Mediæval English Dictionary: A Selective Glossary of Terms in Land Law
As you perform genealogical or historical research, you will encounter strange terms that must be understood so that you can interpret the sources examined. Here is a brief list of legal terms peculiar to English land law and early American land law:
Decedent: Person who has died. Sometimes abbreviated as dec’s or dec’d.
Dower: Share of husband’s real estate to which the widow is entitled. This dates to a time when women came into a marriage with a dowry of money and/or property which the men assumed and used as their own. Women’s ‘dower rights’ protected them from being disowned when husbands died. This dower usually entitled widow’s to 1/3 of the deceased husband’s estate, over and above anything left in a will.
Estate: an interest in land. By Common Law, no one owns land in England save the Sovereign. All others have greater or lesser interests or estates in the land. The total property held by an individual and available after death, including land, money and personal possessions, and money owed to the decedent at the time of death.
Fee Simple: the most absolute interest which a subject can possess in land. The owner can sell or otherwise alienate the land. In grants denoted by the words ‘… to A and his heirs’.
Fee Tail: land whose descent is limited to heirs of the body of the original grantee. These ‘entailments’ preventing the sale of inherited land to anyone except blood descendants were a way to keep the land in the family. They had disastrous effects, though, when war, famine, disease, or other external events forced families into abject poverty and no means of relief.
Feoff, Feoffee, Feoffment: a feoff is a freehold legal estate in land, granted to the feoffee and transferred to him/her by a feoffment, with Livery of Seisin.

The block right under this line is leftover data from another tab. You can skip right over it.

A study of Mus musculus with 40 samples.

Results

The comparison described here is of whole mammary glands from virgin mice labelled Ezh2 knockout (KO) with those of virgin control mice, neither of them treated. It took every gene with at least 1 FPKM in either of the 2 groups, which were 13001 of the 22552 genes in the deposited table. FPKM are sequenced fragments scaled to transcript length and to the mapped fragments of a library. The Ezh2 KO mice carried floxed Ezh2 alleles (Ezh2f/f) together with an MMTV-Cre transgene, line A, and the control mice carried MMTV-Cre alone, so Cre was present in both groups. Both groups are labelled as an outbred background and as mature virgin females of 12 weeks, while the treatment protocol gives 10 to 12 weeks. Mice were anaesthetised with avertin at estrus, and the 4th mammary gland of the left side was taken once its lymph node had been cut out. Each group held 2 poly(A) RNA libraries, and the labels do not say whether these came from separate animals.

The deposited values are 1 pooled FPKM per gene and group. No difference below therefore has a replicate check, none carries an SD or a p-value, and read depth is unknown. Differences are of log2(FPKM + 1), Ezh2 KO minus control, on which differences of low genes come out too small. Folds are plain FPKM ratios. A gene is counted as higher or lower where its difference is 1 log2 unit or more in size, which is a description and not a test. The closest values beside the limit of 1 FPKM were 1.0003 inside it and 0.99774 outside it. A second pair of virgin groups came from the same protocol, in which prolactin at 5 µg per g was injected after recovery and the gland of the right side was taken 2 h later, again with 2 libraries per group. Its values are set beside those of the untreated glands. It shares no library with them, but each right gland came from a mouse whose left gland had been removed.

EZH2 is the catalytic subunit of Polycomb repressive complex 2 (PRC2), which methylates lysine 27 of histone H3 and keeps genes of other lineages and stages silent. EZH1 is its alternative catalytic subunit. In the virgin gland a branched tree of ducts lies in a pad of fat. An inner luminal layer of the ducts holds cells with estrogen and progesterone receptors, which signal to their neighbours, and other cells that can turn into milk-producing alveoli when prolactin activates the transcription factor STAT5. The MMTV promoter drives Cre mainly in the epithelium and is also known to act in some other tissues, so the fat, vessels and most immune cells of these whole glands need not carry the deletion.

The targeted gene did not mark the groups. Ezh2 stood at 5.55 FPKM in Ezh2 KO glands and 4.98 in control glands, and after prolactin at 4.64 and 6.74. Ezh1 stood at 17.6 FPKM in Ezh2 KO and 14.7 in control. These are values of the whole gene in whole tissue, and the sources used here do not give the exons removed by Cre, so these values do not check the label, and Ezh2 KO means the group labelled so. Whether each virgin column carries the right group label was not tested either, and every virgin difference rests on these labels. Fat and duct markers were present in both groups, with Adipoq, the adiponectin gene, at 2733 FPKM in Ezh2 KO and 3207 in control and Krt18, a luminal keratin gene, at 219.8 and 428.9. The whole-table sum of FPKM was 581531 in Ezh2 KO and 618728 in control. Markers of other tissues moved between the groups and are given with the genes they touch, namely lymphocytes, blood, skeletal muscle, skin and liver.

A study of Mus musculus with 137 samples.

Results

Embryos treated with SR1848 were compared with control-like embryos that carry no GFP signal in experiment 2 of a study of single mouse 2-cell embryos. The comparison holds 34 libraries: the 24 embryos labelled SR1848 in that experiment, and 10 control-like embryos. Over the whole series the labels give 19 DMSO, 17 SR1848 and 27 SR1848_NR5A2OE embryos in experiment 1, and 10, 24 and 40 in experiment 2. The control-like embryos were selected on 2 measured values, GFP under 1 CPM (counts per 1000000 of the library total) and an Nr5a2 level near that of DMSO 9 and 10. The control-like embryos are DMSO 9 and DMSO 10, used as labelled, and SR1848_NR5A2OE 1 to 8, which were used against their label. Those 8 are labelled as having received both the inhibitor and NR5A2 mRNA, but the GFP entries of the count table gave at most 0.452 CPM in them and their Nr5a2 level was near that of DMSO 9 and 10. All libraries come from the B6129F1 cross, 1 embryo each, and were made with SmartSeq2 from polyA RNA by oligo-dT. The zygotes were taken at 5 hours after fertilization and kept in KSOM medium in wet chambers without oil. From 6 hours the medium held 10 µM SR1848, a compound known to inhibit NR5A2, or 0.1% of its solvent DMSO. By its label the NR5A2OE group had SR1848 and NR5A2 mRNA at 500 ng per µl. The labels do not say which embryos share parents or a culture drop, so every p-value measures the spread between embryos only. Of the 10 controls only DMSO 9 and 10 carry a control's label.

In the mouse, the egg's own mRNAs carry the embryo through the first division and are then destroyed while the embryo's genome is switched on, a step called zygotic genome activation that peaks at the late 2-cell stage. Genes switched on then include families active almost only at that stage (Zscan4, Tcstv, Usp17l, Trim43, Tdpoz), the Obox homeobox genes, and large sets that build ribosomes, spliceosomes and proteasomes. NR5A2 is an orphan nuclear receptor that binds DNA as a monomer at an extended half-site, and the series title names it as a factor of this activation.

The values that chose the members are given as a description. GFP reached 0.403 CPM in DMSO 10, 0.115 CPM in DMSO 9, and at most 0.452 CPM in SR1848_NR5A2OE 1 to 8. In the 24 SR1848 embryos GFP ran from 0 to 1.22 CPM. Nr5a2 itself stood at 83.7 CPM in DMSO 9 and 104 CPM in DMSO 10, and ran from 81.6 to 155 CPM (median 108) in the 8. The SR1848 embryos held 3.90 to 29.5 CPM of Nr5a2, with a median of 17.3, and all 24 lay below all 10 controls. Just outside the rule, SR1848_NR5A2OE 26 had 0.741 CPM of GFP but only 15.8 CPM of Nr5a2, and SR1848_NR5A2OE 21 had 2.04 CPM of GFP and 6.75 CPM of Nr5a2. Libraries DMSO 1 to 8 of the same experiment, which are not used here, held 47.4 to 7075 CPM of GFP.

Grantee: Recipient of property either through purchase, gift, or bequest.
Grantor: Individual who sells or gives property to another person.
Ibid: Same location. Identifies a document that has already been quoted.
Infant: A person below the age designated as adulthood.
Intestate: Died without leaving a will.
Law and Equity: Common Law is the ancient unwritten law of England, administered in the Common Law Courts and embodied in judicial decisions. It was sometimes rigid and unjust in particular cases; suitors would then apply to the Chancellor as ‘Keeper of the King’s Conscience’ for equitable relief. These cases in Equity were heard in what came to be called the ‘Court of the Chancery’ by the 15th century.
Livery of Seisin: investiture of possession, sometimes by delivery of a clod of earth or other physical thing from the land.
Nee: Identifies a woman’s maiden name.
Posthumous: After death.
Proximo: Used in dates for next, usually refers to the following month.
Real Property: land which would descend to the heir-at-law. Property which devolved on the executor or administrator for distribution on death was Personal Property; this category contained leasehold interests in land as well as movable property.
Relict: Widow or widower of a particular individual.
Seisin: feudal possession of a freehold estate; not applicable to leasehold estates or beneficial ownership under a Use.
Tenure: the manner of holding land. Freehold land could be held by military tenure (by rendering knight’s service), in socage tenure (by paying a money rent), or by spiritual tenure (by rendering spiritual services).
Use: the equitable right to receive the profits from land from the owner at law. When X granted land to Y to the use of Z, X was the grantor or feoffor, Y became the new legal owner and the feoffee to uses, and Z the beneficial or equitable owner under the use. Uses which evaded certain feudal principles were abolished by the Statute of Uses in 1535.